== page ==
How to deal with a friend who has chaotic energy


Life is filled with messy situations that all, eventually, pass.

But what happens when you have a friend that’s consistently unpredictable, spontaneous and just, generally, pretty chaotic?


Sometimes this can be fun and exciting, other times it can be exhausting.

Rhys Smart says that one of his friends is extremely chaotic – something he’s now come to understand and love, despite being unsure at first.


‘I love seeing her turn up to my flat with her energetic eruptions, I always have a laugh with her.

‘I always wonder what she’d be like If she didn’t have ADHD, would she be a completely different person? Probably, but I wouldn’t change her for the world.’


Dr Alison McClymont tells Metro.co.uk: ‘We all have a friend who might be constantly in a state of turmoil, and they always seem to be in a “drama.” For some, this is simply an extension of a personality who may be a little prone to exaggeration or emotive expression and may not indicate an extreme depth of feeling – more just a “quirk of communication.”

‘But for others, it may be as a result of their own erratic and unpredictable behaviour towards others.’


‘Emotional dumping is usually a coping mechanism for stress, and it may be a behaviour that was modelled to someone in childhood,’ she says.

It can also resemble impulsive behaviour, which means acting incredibly quickly, without thinking about the consequences – something that can be both draining, and potentially dangerous, for each party.


‘Someone with chaotic energy (or yoyo energy), expresses up and down emotions. One minute they are excited and overjoyed, the next they’re mad, frustrated or upset,’ says Rochelle.

‘This can mean that they tend to make spontaneous or wild decisions driven by, and resulting in, significant mood changes.’

Key signs of someone with chaotic energy include :

  • Going off on a tangent about something
  • Jumping around or expressive movements 
  • Acts for attention
  • Speaking loudly

Chaotic energy can also be a cry for help.

‘It can be caused by trapped negative emotions and unresolved trauma held in the energetics of the physical body – because a friend is avoiding facing the deep-rooted pain and the only way to feel better is to force themselves to be happy,’ says author and life coach Sam Evans.

She adds: ‘I know a lot about chaotic energy – both in myself and also friends. I used to have a lot of crazy energy and was very hyperactive. It wasn’t until I learned how to get myself back into balance, I realised that it was actually a cry for help as I desperately craved attention.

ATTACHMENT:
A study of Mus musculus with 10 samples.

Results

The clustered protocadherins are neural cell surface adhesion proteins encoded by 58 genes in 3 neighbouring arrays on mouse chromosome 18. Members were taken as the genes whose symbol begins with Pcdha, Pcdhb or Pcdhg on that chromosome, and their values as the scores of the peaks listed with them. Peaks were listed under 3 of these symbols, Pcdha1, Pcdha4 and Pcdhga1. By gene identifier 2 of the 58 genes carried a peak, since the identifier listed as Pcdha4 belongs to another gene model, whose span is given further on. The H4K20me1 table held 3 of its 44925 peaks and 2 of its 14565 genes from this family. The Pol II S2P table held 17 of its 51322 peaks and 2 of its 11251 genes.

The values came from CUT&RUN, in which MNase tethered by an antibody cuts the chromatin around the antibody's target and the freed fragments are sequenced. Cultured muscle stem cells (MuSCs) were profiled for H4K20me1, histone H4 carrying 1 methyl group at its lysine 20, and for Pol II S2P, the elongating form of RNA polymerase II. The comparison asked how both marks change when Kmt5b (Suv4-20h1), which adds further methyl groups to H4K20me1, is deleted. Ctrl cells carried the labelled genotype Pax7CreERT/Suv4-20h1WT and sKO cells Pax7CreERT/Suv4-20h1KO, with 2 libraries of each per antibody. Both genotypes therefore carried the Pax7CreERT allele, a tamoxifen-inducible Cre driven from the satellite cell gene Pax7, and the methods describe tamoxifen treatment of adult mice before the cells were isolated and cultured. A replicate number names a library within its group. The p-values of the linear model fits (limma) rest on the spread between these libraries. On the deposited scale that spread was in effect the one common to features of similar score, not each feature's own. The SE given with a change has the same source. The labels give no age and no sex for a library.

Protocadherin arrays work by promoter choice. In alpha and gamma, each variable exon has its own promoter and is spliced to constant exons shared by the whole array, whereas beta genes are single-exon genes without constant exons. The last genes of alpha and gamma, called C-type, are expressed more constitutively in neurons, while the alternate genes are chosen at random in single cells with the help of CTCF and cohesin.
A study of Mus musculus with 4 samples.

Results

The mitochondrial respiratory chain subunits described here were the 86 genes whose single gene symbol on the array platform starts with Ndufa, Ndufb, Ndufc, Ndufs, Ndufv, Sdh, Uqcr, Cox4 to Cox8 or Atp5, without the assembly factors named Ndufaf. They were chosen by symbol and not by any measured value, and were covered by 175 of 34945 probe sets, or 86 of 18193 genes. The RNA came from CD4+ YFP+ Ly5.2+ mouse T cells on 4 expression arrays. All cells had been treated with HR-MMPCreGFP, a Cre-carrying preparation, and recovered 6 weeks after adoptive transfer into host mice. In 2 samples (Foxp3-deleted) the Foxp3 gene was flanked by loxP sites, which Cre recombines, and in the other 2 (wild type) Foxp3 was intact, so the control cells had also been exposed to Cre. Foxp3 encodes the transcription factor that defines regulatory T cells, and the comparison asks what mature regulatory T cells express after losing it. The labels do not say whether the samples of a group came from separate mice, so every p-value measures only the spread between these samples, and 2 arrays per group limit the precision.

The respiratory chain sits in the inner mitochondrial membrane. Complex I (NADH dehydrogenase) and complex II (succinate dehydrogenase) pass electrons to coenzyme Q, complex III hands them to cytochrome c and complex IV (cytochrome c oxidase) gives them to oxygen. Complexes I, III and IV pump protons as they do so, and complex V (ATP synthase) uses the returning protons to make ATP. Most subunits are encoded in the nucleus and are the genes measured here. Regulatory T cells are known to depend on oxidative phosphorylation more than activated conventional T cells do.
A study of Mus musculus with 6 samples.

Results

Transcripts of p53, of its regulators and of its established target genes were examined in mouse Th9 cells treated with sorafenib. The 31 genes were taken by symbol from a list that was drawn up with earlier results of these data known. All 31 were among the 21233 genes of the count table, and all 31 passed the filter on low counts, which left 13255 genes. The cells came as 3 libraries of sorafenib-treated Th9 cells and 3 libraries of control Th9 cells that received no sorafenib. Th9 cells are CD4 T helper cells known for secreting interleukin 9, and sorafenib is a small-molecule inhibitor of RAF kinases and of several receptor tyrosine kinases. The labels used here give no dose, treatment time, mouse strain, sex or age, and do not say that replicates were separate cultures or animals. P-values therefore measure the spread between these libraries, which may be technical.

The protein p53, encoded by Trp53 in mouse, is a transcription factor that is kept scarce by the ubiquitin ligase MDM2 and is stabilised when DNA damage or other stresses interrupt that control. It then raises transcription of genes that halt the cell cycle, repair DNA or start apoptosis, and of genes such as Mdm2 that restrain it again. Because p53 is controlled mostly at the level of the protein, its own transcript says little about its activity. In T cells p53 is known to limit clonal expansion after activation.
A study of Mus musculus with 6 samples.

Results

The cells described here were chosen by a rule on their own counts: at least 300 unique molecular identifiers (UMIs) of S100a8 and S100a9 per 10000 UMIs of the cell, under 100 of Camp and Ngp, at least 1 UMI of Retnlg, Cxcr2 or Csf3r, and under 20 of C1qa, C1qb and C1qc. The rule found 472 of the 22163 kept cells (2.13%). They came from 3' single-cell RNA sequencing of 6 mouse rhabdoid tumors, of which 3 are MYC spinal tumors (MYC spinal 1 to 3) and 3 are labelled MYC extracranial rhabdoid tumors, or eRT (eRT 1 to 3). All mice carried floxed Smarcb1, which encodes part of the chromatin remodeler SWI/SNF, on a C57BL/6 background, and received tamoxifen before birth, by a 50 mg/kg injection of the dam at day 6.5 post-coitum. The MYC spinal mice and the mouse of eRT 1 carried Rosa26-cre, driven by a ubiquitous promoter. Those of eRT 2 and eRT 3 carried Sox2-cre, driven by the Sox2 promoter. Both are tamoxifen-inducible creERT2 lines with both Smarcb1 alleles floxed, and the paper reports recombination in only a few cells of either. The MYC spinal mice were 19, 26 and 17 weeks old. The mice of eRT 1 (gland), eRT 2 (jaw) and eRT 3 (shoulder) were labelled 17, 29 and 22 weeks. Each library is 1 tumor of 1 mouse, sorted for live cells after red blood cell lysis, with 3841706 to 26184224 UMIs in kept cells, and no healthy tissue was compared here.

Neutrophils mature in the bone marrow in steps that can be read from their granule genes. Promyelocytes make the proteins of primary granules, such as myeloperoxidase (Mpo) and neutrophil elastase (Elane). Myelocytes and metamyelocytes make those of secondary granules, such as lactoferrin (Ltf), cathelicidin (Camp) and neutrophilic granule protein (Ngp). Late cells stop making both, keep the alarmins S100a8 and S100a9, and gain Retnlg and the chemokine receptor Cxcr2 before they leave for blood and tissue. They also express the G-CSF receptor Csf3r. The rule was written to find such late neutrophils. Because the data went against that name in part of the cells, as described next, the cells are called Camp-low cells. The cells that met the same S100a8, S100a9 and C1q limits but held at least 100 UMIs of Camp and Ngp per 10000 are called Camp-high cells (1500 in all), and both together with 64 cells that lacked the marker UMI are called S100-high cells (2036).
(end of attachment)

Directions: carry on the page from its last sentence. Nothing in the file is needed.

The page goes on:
So just how do you go about living your life and setting boundaries, while also offering support (if you think they need it)?

Experts have shared some things to keep in mind…


Understand that people are not their behaviours

If a friend hasn’t always been chaotic, it’s likely they are struggling with something underneath the surface.

Sam says: ‘If your friend is acting in a way that doesn’t feel good to you, know that deep down this isn’t really her/him.

‘It could be they are deeply blocking some deep-rooted pains and acting in accordance with their hidden memories and experiences that they have no idea is causing them to feel this way.’


‘If anyone was to ever tell a friend to be calm (which isn’t recommended), or slow down, these types of responses just cause the other party to go into deep self-sabotage,’ adds Sam. ‘Reason being is that there is a much greater force deeply within that causes anyone to be high energy, which is a mask to avoid deep-rooted unresolved pain.’

Listen with an empathetic ear

Instead of trying to get a friend under control, listen to what they have to say.


It’s also important to explain how you feel in a calm and meaningful way – as relationships are a two-way street, after all.

Communicate

As with any unresolved issue, communication is key from both sides is key.


Without getting into heated arguments, find a quiet time and place to speak with them alone by asking questions about what’s going on with your friendship.

But remember not to use blaming language – as this can come across as aggressive.


‘So an example might be: “I feel overwhelmed when you talk to me about your family problems.”‘

Protect your energy

‘Being available for your friend doesn’t mean that you are there 24/7, it’s about stating clear boundaries for both of you,’ adds Sam.


After all, you have your own life and problems to lead without constantly absorbing chaos from someone else.

She says: ‘Remind them that you care about them but that you don’t always have the capacity to support them in the way they need. 


Do you have a story to share?

Get in touch by emailing MetroLifestyleTeam@Metro.co.uk.